Monday, January 2, 2012

Asperger's Syndrome and Too Much Commotion


Even though we have 2 people in our family with Asperger's Syndrome (while I will still believe our youngest is going to be #3), they can each still be somewhat different than each other.  Generally, it seems that most people with Asperger's Syndrome tend to shy away from crowds or not like a lot of commotion.  With our family it seem some of both.  

We had a free gift certificate to a children's museum that was about to expire, so on a day off, we took the family up for a visit.  I guess everyone else in the state had the same idea, because the place was packed!  

Our youngest, Rose, who had been doing so much better around other people and learning to talk more in preschool, was at first excited to enter a play area, but as soon as others came in, she was afraid and shrunk away from any play.  

Our son, MJ who is the officially diagnosed Aspie, wasn't bothered at all.  That is one thing different with him.  He seems to run around in any situation not so much worrying about who or what is going on.  He is almost oblivious to it all.  This can be good or bad at times.  I guess it is great that all the people and loudness don't bother him, but rather it is that he doesn't know how to act in the right situations.  He can be loud and obnoxious in a quiet setting and not understand why it matters, or he can be too soft in a loud situation so as no one can hear anything he is saying.  But, at least he was having fun and it didn't bother him that there was a billion other kids running around like mad.

Then of course, there was my husband who seemed to be affected the most.  He doesn't have huge meltdowns or freak out in a loud way, but when something is bothering him, I can see it in his eyes that he is having this internal battle or meltdown in which he needs to get out of the situation ASAP or he is going to lose it.  Well, this is what he was doing.  And, really, I couldn't blame him, as it was really crazy in this place today.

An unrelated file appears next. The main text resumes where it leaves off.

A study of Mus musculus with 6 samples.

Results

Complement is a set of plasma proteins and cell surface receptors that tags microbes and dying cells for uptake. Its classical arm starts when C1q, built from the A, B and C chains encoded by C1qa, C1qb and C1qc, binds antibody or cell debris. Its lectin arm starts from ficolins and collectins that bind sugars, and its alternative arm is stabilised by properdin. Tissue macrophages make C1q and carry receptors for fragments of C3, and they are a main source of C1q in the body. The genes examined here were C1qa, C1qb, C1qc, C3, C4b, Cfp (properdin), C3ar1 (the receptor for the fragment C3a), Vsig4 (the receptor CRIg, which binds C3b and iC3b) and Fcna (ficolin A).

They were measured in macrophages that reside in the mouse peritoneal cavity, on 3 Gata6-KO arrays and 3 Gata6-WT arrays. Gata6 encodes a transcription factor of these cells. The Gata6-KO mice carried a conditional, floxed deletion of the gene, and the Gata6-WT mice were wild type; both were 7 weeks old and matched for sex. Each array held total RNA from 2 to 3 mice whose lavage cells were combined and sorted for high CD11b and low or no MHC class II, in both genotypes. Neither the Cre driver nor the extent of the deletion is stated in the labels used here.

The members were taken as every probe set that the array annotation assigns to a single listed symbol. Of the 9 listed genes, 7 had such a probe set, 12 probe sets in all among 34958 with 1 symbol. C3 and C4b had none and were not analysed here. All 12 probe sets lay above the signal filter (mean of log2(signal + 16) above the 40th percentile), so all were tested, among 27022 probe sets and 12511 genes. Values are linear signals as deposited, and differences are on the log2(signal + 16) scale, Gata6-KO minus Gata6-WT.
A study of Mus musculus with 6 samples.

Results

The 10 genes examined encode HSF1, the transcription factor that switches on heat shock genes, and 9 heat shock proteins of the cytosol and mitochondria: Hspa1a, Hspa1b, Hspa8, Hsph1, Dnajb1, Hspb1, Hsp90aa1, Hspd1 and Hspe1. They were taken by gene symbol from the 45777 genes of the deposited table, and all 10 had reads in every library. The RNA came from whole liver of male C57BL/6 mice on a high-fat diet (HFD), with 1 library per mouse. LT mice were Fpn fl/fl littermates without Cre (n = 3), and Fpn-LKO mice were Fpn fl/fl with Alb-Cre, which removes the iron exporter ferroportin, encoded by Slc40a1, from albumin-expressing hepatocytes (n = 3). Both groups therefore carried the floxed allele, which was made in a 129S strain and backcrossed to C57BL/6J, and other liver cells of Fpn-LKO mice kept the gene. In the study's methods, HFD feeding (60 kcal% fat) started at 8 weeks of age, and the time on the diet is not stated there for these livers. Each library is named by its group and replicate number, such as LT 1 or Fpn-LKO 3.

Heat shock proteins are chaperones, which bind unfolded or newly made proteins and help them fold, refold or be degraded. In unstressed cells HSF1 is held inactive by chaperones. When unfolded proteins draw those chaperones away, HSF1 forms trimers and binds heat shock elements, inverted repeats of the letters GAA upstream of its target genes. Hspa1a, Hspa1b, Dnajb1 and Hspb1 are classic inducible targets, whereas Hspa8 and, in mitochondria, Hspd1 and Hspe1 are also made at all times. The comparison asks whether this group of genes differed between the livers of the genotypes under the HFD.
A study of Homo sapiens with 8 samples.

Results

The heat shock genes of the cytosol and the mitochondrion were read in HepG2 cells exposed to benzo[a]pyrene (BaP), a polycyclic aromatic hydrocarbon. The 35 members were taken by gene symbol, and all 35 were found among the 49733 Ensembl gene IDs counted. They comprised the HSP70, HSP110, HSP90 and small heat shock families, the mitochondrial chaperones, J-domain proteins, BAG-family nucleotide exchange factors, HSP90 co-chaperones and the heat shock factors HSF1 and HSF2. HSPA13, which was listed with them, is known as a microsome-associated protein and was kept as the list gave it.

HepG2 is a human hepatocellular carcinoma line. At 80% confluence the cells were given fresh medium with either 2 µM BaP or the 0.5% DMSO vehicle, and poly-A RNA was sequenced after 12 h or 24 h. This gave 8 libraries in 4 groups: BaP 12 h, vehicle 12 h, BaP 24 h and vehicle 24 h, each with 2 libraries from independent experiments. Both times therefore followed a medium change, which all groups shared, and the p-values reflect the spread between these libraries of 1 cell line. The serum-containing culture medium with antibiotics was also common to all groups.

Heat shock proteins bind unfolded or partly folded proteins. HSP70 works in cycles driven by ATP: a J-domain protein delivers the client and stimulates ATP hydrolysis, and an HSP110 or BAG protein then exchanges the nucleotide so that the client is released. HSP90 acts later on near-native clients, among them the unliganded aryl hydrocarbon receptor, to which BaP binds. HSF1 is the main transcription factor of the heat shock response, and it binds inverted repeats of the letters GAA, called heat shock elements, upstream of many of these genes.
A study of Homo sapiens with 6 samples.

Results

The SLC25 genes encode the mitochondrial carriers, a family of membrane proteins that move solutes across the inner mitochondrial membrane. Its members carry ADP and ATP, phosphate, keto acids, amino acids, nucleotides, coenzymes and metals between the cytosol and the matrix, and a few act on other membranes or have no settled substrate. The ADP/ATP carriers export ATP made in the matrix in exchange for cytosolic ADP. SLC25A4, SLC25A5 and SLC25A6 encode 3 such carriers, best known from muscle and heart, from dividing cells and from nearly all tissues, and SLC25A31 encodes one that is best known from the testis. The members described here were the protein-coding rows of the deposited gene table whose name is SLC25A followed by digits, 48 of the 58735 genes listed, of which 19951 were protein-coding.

But anyway, I could see that he needed to get out of there.  It was just too much.  There was too much noise and too many people.  But where could he escape to?  

In the corner of the toddler/baby area was a little "Nursing Mothers Area" where moms could go and nurse their babies in a sort of quieter corner.  I laughed when I look across the large room to see him and our youngest hiding with the nursing moms just reading a book and pointing out pictures together.  

It is interesting.  I know this isn't the first time for them to not be able to handle the craziness of something.  When our 2nd son had a birthday party with over 12 kids in the backyard one year, even that was too much for my husband.  It is often if there is too much going on, too many people, or just too much noise, that afterward he will have to go to a sort of quiet place to get himself back together for an hour or more.  The more the commotion and craziness, the longer he'll need to take to feel better.  You can't even talk to him at times.  He needs to just be by himself and have his own time to do whatever he wants.  I try to be good.  I try to let him have his time and know that when he has settled down that he can be back to his old self again.  

1 comment:

SPD MOM said...

Totally know what you mean! My little one (5) now, aspie as well, went through special ed preschool and now kindergarten. He also was in early intervention. My oldest, 10, still cannot hold a conversation with the extended family. The difference in their social skills is amazing, due to intervention. And dad? Well, he wears earplugs just about everywhere we go... Great post!